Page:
Perfect black body

A perfect black body is the one which absorbs completely heat radiations of all wavelengths which fall on it and emits heat radiations of all wavelengths when heated. Since a perfect black body neither reflects nor transmits any radiation, the absorptive power of a perfectly black body is unity. 1 Fery?s black body

Fery?s black body consists of a double walled hollow sphere having a small opening O on one side and a conical projection P just opposite to it (Fig.). Its inner surface is coated with lamp black. Any radiation entering the body through the opening O suffers multiple reflections at its innerwall and about 97% of it is absorbed by lamp black at each reflection. Therefore, after a few reflections almost entire radiation is absorbed. The projection helps in avoiding any direct reflections which even otherwise is not possible because of the small opening O. When this body is placed in a bath at fixed temperature, the heat radiations come out of the hole. The opening O thus acts as a black body radiator.

2.Prevost?s theory of heat exchanges

Prevost applied the idea of thermal equilibrium to radiation. According to him the rate at which a body radiates or absorbs heat depends on the nature of its surface, its temperature and the temperature of the surroundings. The total amount of heat radiated by a body increases as its temperature rises. A body at a higher temperature radiates more heat energy to the surroundings than it receives from the surroundings. That is why we feel warm when we stand before the furnace.

Similarly a body at a lower temperature receives more heat energy than it loses to the surroundings. That is why we feel cold when we stand before an ice block.

Thus the rise or fall of temperature is due to the exchange of heat radiation. When the temperature of the body is the same as that of surroundings, the exchanges of heat do not stop. In such a case, the amount of heat energy radiated by the body is equal to the amount of heat energy absorbed by it.

A body will stop emitting radiation only when it is at absolute zero. (i.e) 0 K or ?273o C. At this temperature the kinetic energy of the molecule is zero.

Therefore, Prevost theory states that all bodies emit thermal radiation at all temperatures above absolute zero, irrespective of the nature of the surroundings.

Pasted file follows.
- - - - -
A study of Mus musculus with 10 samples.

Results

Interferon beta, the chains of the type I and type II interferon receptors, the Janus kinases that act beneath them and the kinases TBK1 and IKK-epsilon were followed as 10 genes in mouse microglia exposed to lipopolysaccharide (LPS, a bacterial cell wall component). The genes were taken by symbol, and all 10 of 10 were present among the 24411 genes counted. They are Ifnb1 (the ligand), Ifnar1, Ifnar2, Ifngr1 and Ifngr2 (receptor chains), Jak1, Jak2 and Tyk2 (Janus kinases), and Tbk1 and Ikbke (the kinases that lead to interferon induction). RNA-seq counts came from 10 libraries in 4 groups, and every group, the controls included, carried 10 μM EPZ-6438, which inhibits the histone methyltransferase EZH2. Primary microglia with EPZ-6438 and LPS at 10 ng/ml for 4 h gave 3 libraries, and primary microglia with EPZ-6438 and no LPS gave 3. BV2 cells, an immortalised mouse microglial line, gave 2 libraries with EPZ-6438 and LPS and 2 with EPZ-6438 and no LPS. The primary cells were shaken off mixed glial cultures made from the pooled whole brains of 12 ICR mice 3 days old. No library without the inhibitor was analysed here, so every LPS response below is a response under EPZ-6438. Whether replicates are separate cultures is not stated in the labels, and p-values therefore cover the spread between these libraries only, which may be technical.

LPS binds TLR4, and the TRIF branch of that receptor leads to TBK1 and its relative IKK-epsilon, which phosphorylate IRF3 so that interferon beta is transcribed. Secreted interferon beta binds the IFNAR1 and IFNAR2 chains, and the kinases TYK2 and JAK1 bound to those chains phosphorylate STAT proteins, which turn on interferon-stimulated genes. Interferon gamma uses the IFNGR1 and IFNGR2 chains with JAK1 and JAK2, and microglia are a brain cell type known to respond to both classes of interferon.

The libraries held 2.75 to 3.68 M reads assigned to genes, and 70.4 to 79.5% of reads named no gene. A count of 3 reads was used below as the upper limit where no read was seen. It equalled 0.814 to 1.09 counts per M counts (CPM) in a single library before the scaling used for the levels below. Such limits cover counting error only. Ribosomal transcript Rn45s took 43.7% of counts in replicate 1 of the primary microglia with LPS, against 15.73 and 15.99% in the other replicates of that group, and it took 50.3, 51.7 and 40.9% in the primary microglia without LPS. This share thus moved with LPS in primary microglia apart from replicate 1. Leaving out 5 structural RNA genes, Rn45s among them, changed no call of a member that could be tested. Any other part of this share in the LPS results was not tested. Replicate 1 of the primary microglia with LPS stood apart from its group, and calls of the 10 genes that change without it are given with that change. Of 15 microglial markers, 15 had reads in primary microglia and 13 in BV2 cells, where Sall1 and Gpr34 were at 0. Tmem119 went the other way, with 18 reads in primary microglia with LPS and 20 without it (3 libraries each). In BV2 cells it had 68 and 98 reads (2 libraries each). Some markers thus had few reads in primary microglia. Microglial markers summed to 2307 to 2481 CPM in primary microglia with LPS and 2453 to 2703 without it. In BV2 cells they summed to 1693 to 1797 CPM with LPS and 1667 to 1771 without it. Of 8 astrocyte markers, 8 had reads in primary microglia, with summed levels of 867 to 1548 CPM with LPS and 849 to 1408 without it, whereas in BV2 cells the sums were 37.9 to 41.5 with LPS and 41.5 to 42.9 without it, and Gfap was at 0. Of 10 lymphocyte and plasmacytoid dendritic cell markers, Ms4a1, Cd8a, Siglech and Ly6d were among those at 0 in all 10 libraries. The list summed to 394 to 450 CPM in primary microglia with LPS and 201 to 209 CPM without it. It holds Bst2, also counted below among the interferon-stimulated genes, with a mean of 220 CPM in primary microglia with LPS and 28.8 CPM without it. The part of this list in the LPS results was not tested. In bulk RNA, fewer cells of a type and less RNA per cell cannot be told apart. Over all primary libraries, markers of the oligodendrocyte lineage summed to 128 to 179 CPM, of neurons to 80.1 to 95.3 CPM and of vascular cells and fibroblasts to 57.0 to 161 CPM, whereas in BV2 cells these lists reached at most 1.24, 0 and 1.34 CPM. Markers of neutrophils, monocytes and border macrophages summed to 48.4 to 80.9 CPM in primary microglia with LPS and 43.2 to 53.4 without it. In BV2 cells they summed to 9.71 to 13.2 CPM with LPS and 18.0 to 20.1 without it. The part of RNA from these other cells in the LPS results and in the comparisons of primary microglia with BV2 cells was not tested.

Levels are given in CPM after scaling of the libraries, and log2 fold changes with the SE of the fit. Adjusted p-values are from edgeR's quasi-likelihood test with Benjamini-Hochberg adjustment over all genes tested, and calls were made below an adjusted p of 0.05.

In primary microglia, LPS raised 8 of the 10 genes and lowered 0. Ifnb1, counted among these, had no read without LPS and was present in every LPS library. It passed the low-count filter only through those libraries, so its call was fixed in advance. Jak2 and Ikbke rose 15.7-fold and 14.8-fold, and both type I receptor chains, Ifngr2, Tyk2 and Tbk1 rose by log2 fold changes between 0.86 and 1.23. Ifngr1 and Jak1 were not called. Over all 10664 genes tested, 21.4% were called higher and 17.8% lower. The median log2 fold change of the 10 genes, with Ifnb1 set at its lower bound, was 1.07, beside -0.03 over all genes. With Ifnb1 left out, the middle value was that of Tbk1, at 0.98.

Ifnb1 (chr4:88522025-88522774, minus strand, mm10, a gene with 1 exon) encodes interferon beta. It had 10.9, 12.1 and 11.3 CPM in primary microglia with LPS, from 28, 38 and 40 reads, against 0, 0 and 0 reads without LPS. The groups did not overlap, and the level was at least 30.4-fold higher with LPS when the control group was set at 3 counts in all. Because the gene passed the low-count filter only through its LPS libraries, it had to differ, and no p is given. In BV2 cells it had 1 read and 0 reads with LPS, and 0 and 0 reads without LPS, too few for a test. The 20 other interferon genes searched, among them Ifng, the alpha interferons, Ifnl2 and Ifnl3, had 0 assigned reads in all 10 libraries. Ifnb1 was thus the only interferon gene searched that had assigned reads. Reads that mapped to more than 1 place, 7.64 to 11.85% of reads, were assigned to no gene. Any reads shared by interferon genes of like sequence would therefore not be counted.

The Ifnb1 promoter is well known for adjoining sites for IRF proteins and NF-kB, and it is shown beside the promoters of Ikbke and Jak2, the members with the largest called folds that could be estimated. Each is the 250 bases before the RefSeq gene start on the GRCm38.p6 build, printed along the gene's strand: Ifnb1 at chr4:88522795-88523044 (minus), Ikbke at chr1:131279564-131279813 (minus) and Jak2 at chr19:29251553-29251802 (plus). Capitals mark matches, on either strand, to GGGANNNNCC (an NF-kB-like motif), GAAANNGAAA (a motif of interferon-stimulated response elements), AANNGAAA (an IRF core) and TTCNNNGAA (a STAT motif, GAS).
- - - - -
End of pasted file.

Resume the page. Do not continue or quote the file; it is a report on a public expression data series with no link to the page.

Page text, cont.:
3 Kirchoff?s Law

According to this law, the ratio of emissive power to the absorptive power corresponding to a particular wavelength and at a given temperature is always a constant for all bodies. This constant is equal to the emissive power of a perfectly black body at the same temperature and the same wavelength. Thus, if eλ is the emissive power of a body corresponding to a wavelength λ at any given temperature, aλ is the absorptive power of the body corresponding to the same wavelength at the same temperature and Eλ is the emissive power of a perfectly black body corresponding to the same wavelength and the same temperature, then according to Kirchoff?s law

eλ/ aλ = constant = Eλ

From the above equation it is evident that if aλ is large, then eλ will also be large (i.e) if a body absorbs radiation of certain wavelength strongly then it will also strongly emit the radiation of same wavelength. In other words, good absorbers of heat are good emitters also.

Applications of Kirchoff?s law

(i)The silvered surface of a thermos flask is a bad absorber as well as a bad radiator. Hence, ice inside the flask does not melt quickly and hot liquids inside the flask do not cool quickly.

(ii)                   Sodium vapours on heating, emit two bright yellow lines. These are called D1 and D2 lines of sodium. When continuous white light from carbon arc passes through sodium vapour at low temperature, the

continuous spectrum is absorbed at two places corresponding to the wavelengths of D1 and D2 lines and appear as dark lines. This is in accordance with Kirchoff?s law.

4 Wien?s displacement law

Wien?s displacement law states that the wavelength of the radiation corresponding to the maximum energy (λm) decreases as the temperature T of the body increases.

(i.e) λm T = b where b is called Wien?s constant. Its value is 2.898 ? 10-3 m K

5 Stefan?s law

Stefan?s law states that the total amount of heat energy radiated per second per unit area of a perfect black body is directly proportional to the fourth power of its absolute temperature.

(i.e) E α T4 or E = σT4

where σ is called the Stefan?s constant. Its value is 5.67 ? 10-8 W m-2 K-4.

It is also called Stefan - Boltzmann law, as Boltzmann gave a theoretical proof of the result given by Stefan.

6 Newton?s law of cooling

Newton?s law of cooling states that the rate of cooling of a body is directly proportional to the temperature difference between the body and the surroundings.

The law holds good only for a small difference of temperature. Loss of heat by radiation depends on the nature of the surface and the area of the exposed surface.